As a disability hearing approaches, many claimants are surprised to find out that they have to establish disability before a certain date.
Often, this date is just a few weeks or months prior to a hearing, and more often than not it’s not even an issue. But in some cases that date is years before a hearing, and it can make winning a case very difficult.
What few people understand about the disability program is that with Social Security Disability Insurance (SSDI), you are essentially purchasing an insurance policy from the federal government.
This “policy” comes out of your paycheck, and you earn one credit towards this policy for every $1,320 you make. You can earn up to four credits each year if you earn $5,280, and you typically need 40 credits to qualify for SSDI, although this varies with age. The more you pay into Social Security, the more you can potentially receive in disability benefits.
But like any insurance policy, when you stop working and paying into Social Security, the policy lapses.
The good news is that Social Security doesn’t expect you to show you’re disabled the day you stop working. Typically, the date last insured is around five years after a claimant stops working, but if you don’t file an application quickly when you are no longer able to work, the date last insured can become more of an issue in your case.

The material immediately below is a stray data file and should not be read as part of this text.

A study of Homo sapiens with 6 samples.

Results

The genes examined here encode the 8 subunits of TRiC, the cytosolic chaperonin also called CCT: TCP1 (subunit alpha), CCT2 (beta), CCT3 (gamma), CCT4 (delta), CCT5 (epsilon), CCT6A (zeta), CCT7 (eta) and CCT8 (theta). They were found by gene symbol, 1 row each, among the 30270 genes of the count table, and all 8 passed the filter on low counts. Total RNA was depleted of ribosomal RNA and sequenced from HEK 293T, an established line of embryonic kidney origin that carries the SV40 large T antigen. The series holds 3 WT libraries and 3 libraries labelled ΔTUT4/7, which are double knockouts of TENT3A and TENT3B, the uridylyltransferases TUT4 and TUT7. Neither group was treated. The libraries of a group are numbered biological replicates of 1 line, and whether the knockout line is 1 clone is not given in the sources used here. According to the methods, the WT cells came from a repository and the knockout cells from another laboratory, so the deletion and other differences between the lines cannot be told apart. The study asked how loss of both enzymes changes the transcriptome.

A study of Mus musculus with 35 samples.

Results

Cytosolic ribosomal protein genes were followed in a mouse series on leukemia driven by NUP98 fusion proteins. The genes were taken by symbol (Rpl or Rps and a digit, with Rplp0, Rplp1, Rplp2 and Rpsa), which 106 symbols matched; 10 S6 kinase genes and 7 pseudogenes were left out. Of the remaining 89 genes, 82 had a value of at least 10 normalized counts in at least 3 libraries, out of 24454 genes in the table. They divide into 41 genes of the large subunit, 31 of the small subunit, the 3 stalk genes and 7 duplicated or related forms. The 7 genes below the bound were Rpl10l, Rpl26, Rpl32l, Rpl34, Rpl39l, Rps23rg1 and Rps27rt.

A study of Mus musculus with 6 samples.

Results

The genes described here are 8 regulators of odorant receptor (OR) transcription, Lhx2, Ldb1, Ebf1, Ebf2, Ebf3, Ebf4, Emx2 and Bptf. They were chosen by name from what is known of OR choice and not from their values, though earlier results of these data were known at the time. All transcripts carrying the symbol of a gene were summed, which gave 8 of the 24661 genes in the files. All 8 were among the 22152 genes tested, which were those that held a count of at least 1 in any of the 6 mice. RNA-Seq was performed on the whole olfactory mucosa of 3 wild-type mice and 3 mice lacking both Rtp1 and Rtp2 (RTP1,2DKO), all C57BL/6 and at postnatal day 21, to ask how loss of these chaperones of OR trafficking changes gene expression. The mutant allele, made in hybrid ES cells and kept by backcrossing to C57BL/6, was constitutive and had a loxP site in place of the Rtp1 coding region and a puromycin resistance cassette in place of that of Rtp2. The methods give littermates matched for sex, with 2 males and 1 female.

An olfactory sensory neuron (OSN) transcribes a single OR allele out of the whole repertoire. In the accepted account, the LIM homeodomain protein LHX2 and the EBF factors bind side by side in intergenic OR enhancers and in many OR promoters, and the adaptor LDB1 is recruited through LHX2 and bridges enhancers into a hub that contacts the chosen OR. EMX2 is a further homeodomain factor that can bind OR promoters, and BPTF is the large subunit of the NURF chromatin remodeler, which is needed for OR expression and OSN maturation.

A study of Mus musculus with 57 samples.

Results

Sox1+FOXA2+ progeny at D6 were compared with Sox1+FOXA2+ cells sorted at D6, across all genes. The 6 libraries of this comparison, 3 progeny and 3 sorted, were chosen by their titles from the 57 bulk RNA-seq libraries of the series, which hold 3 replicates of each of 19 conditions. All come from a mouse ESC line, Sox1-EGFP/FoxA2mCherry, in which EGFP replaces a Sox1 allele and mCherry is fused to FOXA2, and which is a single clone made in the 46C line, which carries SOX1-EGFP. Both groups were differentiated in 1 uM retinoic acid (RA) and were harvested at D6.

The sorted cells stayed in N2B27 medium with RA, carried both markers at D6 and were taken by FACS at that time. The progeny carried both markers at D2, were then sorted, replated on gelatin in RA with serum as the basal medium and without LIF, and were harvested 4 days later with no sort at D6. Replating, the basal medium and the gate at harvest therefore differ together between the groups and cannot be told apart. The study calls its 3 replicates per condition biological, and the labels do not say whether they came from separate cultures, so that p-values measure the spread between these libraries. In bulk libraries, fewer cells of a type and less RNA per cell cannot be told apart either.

The good news is that even if you don’t qualify for SSDI, you may qualify for Supplemental Security Income, a need-based program with a capped monthly benefit of $750.
However, there is an asset test for qualifying for SSI, and if you are married, your spouse’s earnings are considered in this test. It is not uncommon for many people who would receive SSI to become ineligible because their spouses are still working.
Having to establish disability within a certain time frame is one of the most challenging parts of disability law, but an experienced attorney can help guide you through the process and maximize your back benefits.